Booksmart: A Movie That Finally Gets Teen Girl Friendships Right

by | Jun 12, 2019 | QUEER RVA

Olivia Wilde’s directorial debut offers a heartwarming example of teen girls accepting and supporting each other, rather than engaging in backstabbing competition.

Booksmart is the best film you are not watching right now. Considering it debuted the same weekend as Disney’s Aladdin remake, I’m not surprised, and I get it, but you need to fix this.

Booksmart is being heralded as Superbad with a feminist wash, and critics are not completely wrong about that. But this film is so much more than merely a gender-flipped version of a teenage-boy movie.

Olivia Wilde has directed a pretty solid high school party film, for sure. But at its core, Booksmart is a film that finally does the friendships of teen girls the justice they have long been denied. Starring Kaitlyn Dever and Beanie Feldstein as childhood best friends Amy and Molly, the film not only shows a more accurate representation of what it is like to be a high school girl with high school girl friendships, it completely celebrates it.

When Molly discovers that this entire time, she and Amy’s plan to focus on their studies and get into good colleges has a massive loophole in it (it turns out that they could have partied and experienced life while having a good time — who knew?), they decide to pack 12 years of adventure into one night. And of course, as they try to crash the popular party the night before graduation, hijinks ensue.

The girls consistently celebrate each other and lift each other up; in fact, one of the film’s running gags is the way they spend an exorbitant amount of time complimenting and fawning over each other. By the end of the film, when they achieve a reconciliation with all of the girls in their class, they all end up supporting and lifting each other up.

One of the most important plot points is Molly’s support of Amy, who has been an out lesbian for two years. Molly is loud and proud with her support of her best friend, even going so far as to help her try to figure out how to research having sex with another girl for the first time. “You just take what you would do to yourself and flip it,” Molly suggests at one point.

Molly is very adamant that Amy kiss a girl before leaving for college, and heavily encourages her to go after Ryan, a girl Amy has a crush on, while they are at the party. Of course, more shenanigans happen as a result, leading to more comedy. However, one of the points that this film should really be getting a lot of praise for as well is how the almost-sex scene between Amy and Hope (the quintessential mean girl) is handled.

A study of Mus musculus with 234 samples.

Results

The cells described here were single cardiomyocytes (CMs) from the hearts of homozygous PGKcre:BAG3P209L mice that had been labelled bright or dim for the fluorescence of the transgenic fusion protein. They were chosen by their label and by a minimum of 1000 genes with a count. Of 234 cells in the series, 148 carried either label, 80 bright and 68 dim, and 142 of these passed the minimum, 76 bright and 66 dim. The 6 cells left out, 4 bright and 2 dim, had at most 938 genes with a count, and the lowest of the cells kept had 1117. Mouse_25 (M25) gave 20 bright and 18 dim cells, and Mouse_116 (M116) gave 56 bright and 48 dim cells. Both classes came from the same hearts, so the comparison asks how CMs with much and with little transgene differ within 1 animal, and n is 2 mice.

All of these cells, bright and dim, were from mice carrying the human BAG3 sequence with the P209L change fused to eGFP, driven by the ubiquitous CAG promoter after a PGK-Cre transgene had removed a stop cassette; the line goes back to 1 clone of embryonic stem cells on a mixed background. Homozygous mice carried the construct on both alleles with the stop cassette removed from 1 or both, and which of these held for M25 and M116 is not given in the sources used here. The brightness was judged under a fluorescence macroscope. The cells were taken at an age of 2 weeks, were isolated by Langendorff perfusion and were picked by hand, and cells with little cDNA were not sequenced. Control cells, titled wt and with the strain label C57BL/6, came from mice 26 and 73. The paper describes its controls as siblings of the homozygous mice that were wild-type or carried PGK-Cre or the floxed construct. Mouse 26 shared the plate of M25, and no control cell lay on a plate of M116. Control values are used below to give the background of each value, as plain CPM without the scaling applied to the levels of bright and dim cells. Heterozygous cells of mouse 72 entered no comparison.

Throughout film history, sex scenes involving two girls have been handled so badly that, honestly, I get immediately uncomfortable whenever I can sense one is about to happen. Sexuality with all teens, let alone teenage girls, is generally handled through a grossly exploitative lens.

But this? This is the lesbian almost-sex scene I didn’t know I needed in life. Wilde handles the entire moment between Hope and Amy with such tact and sincerity, which is rarely seen in film moments like this. It still doesn’t end well; in fact, it ends very awkwardly and uncomfortably. But if Wilde wanted to achieve real-life accuracy, that’s exactly how it should have been.

It is difficult enough to be a teenager, let alone a lesbian in high school, and this scene captures exactly what all of that feels like — for better and for worse. I don’t know a single person who has a perfect, storybook recollection of the time they had sex for the first time, and I’m not sure that I want to. Even though Amy was initially mortified that the moment ended because she vomited on poor Hope, there is something sincere and honest about their moment — something that everyone can connect with.

The fact that Amy and Hope were able to not only get over the awkwardness of this, but to acknowledge that they can laugh about it (and honestly, you should), makes Amy’s story and character growth that much better and stronger.

I left this film thinking that if this had come out when I was high school, I would be a completely different person right now, for many reasons. I’m sad that it wasn’t there for me at the time, and that I can’t know who that alternate version of me may be. But I am so glad that so many girls growing up will get to experience this film and know the things that were harder to learn and love when I was growing up — things films like Mean Girls and Heathers, both solid, excellent films, nonetheless miss the mark on.

Teen girl friendships should be celebrated and loved, not pushed aside in favor of encouragement to bully each other and tear each other down. Word of advice: being the girl who claims that “boys are better friends because no drama” just makes you look like an internalized misogynistic asshole.

Love yourself and your girlfriends, friend. It really, really is okay. And after all these years, I’m so glad a movie finally gets that.

Images via Annapurna Pictures

Ash Griffith

Ash Griffith

Ash is a writer and improviser from Richmond. She has a BA in English from VCU and an associates in Theater. When she isn't writing or screaming on a stage, she can usually be found wherever the coffee is. Bill Murray is her favorite person along with her black cat, Bruce.